On April 5, the people of Afghanistan will vote in their third national election since 2001—a hundred million-dollar effort financed by international donors. The air is filled with anticipation and hope, albeit tempered with grave concerns held by both the international community and Afghans about the spiraling insecurity engulfing the country.
In the past four weeks, the Taliban’s efforts to disrupt the election have intensified, with violence escalating in the provinces and in the well-fortified capital, Kabul. The recent spate of attacks on foreigners has prompted the international community to go into ‘lockdown mode’, with virtually no movements outside their fortress-like compounds. The World Bank is operating from its satellite office in Dubai. No one has replaced the IMF representative who was tragically killed in a recent Taliban attack.
Out of 6,770 polling stations, 748 will remain closed due to security threats—which will effectively disenfranchise hundreds of thousands of voters who will not be represented in the new government.
While attacks on foreign targets get international publicity, the tolls of violence is the heaviest on Afghans, who have no option but to go on with their daily lives. The small shops and restaurants on the roadside are open, and the streets are still full of Afghans young and old walking, biking, driving and riding taxis or other public transport—a reflection of Afghans’ resilience. Rush hour traffic is a bit less distressing in the absence of fleets of SUVs owned by expatriates who have fled the scene.
Amazingly, in the face of severe threats, Afghans want the election. They are determined to exercise their democratic rights to vote even though they believe that there can be no such miracle as a perfectly free and fair election. The most recent random sample survey of over 4,000 people across the country by the Free and Fair Election Foundation of Afghanistan (FFEFA) shows that 92% support the election and 75% are determined to vote.
Declining support for the Taliban is reflected in the responses from the southern provinces, the heartland of the Taliban. A larger number of respondents from this region than from others in the country expressed interest in voting, despite the Taliban’s call for a boycott. The election is unlikely to be defined by tribal divides, as a majority of the respondents stated that tribal elders will not influence their choice of candidates. The candidates’ announced plans for improving security, social justice (including women’s rights) and education are the major factors influencing voters’ choices. Interestingly, respondents are concerned about foreign countries influencing the election and its outcome.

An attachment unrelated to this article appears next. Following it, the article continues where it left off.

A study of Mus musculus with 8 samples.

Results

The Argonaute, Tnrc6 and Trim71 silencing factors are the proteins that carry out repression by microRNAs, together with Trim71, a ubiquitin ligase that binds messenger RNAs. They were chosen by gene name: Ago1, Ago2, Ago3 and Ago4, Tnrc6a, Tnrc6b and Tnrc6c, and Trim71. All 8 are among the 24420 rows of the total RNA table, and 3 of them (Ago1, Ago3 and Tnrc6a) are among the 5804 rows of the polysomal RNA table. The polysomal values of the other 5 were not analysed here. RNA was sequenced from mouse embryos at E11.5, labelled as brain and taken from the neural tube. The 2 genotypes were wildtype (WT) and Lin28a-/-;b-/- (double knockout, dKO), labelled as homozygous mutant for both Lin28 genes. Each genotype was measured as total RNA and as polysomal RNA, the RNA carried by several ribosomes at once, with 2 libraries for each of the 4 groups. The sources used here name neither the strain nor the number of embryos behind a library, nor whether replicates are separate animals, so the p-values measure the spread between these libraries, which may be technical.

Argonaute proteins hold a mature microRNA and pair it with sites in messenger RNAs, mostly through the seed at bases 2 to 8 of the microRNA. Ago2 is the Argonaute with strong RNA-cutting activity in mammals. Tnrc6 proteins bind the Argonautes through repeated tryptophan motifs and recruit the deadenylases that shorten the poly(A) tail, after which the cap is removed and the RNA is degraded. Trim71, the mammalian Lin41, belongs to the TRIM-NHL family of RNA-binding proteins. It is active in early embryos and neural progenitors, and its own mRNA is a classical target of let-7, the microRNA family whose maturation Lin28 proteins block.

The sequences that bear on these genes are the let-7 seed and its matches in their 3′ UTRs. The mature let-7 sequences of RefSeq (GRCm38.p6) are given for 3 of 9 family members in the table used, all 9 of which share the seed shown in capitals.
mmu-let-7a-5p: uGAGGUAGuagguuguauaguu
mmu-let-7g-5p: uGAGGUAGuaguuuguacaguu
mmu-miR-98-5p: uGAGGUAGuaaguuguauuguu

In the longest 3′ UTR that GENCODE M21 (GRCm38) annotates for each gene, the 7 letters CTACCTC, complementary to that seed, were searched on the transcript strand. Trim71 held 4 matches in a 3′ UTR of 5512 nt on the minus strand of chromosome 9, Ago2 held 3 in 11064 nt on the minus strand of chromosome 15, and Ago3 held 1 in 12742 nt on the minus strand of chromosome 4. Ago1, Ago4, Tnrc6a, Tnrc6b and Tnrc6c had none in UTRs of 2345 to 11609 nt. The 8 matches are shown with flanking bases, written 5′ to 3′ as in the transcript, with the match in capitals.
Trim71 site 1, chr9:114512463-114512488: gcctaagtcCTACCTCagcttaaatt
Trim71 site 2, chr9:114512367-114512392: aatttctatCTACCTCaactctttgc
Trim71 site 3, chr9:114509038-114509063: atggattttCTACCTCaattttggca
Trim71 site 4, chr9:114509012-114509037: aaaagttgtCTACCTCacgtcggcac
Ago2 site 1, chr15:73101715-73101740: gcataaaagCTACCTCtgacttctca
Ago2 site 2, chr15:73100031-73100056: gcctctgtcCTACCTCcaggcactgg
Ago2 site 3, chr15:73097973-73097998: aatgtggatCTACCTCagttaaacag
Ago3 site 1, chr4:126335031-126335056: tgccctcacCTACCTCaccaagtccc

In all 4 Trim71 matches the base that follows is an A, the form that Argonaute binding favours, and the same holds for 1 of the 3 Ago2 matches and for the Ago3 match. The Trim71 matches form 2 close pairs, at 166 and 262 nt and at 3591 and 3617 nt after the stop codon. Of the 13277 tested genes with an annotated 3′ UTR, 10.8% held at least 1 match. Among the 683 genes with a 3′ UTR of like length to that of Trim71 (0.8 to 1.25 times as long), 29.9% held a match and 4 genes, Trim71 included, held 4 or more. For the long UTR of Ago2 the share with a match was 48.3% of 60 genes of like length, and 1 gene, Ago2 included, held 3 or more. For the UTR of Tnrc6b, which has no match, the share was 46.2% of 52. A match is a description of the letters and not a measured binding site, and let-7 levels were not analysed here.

The majority of the respondents to the FFEFA survey expressed concerns not about security but about vote fraud and rigging. FFEFA was initially hopeful that independent election observation and monitoring would contribute to the elections’ transparency and make its results somewhat credible. However, the challenges to monitoring are immense. In the last election, more than 1,000 out of 8,000 polling stations remained unobserved because they were located in areas too dangerous and prone to Taliban attack. The problems of ballot stuffing and low voter turnout were especially acute in these areas.
The experience might be repeated this year. Intimidated by recent attacks on foreigners, many organizations evacuated their observers and curtailed their planned observation activities. Two American organizations with past experience of election monitoring in Afghanistan, National Democratic Institution (NDI) and International Republican Institute (IRI), decided not to monitor this year. In fact, NDI closed its office in Kabul after one of its expatriate monitors was killed in the Serena Hotel attack. The UN has encouraged its international staff to take vacations and home leaves during the election period, and has restricted staff movement to such an extent that no meaningful monitoring assistance can be expected of them.
Although it is unrealistic to expect a totally fraud-free election, massive fraud should be prevented through adequate observation and monitoring in order to lend a fair amount of credibility to this election. A government backed by a fairly credible election and country-wide participation of the citizens in the process is essential for building the legitimacy of a conflict-affected state. However, that goal might not be possible under the current circumstances.
The size of voter turnout will serve as an indicator of the extent of popular participation. Due to Taliban intimidation, voter turnout was 50% less in 2009 than in 2004. Intensified Taliban threats in 2014 might result in an even lower voter turnout (although voters appear to be less deterred by threats this year). Out of 6,770 polling stations, 748 will remain closed due to security threats—which will effectively disenfranchise hundreds of thousands of voters who will not be represented in the new government. At least half of the closed stations are in severely conflict-affected provinces where the Taliban insurgency is already strong.
The closure of polling stations will send a signal to residents that the central government is unable to control the security situation in their constituencies. This, in turn, will result in the central government losing popular support in the most critical provinces where the Taliban resurgence must be brought under control.
The Independent Election Commission, however, is hard at work, fighting against all odds to lend credibility to this election and contribute to the emergence of a government with a genuine popular mandate.